China / Business

73 waterfront parks to prevent flooding in 'Sponge City' plan

By Zheng Jinran (China Daily) Updated: 2016-09-03 08:19

Beijing plans to build 73 waterfront parks to absorb rainfall in summer, which is an effective way to lower the risk of flooding and to collect water in the capital, the city's planning committee said.

In the capital's downtown districts, residents will be able enjoy the green parks with water features such as ponds or small lakes and rivers.

But during the rainy season, the parks will be able to store as much as 10 million cubic meters of water, equivalent to the amount of five Kunming Lakes, the famous spot in the Summer Palace.

The 73 waterfront parks were listed on the recently approved development plan on drainage and flooding control facilities in downtown Beijing, according to a Beijing Daily report on July 26.

In the populated downtown area, it's impossible to build reservoirs or expand the river channels, making the waterfront parks a good option for solving the problem of waterlogging after heavy downpours, the municipal planning committee said, adding that they will operate as water storage tanks, a major way to push forward the "Sponge City" program.

In the mountainous areas of the suburbs, Beijing plans to build another five reservoirs. Together with the existing 88 reservoirs, they could help to prevent flooding across 83 percent of the mountainous region, the committee said.

Beijing has used alternative methods to reduce flooding after storms, such as using permeable materials in construction, building more storage tanks in areas prone to waterlogging, and constructing forest parks in the suburbs.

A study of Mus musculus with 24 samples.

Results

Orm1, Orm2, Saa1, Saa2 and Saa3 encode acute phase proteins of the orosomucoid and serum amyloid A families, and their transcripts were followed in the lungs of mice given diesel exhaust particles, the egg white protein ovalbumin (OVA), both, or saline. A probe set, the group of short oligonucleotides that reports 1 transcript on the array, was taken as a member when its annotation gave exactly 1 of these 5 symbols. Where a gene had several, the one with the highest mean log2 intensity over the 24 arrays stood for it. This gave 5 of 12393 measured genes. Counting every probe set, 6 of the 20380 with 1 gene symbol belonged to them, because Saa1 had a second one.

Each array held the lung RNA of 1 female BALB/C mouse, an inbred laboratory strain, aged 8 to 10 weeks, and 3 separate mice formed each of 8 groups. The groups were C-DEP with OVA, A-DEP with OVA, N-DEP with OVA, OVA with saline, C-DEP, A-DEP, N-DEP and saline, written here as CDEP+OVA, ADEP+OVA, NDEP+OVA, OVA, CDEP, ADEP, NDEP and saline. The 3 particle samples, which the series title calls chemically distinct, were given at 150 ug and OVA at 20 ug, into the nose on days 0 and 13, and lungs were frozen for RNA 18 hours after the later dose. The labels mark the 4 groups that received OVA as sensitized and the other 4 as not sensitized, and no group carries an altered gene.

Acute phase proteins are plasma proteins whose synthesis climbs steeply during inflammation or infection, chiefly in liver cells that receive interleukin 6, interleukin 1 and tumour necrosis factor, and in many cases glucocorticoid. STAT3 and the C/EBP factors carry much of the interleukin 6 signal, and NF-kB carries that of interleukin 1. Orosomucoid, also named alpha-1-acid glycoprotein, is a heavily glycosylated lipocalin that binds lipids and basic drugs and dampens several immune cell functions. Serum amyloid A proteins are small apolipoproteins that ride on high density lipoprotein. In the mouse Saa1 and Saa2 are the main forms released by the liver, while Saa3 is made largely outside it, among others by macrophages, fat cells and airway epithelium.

These methods have proved efficient.

After severe downpours on July 20, 17 downtown areas were waterlogged along major roads - down from 91 such cases seen after heavy downpours on July 21, 2012, said Jia Shangkuan, director of the flooding-control office under the Beijing Drainage Group, according to the People's Daily.

Liu Sheng, a 34-year-old resident who takes a bus over the Guangqumen Bridge to work, said he has witnessed an improvement.

"I had to walk for three hours to get home as the water had inundated the road under it on that day," he said, referring to July 21, 2012, when one driver drowned under the bridge.

"But traffic was not halted by the downpours this year, so my journey home was not difficult," he said, adding that he saw some engineering vehicles with powerful pumping machines on standby near the bridge on July 20.

Beijing has built 60 storage tanks with a total capacity of 210,000 cubic meters, the group said, adding that the tanks were used to reduce waterlogging on roads on July 20, with the water then recycled and used for underground water.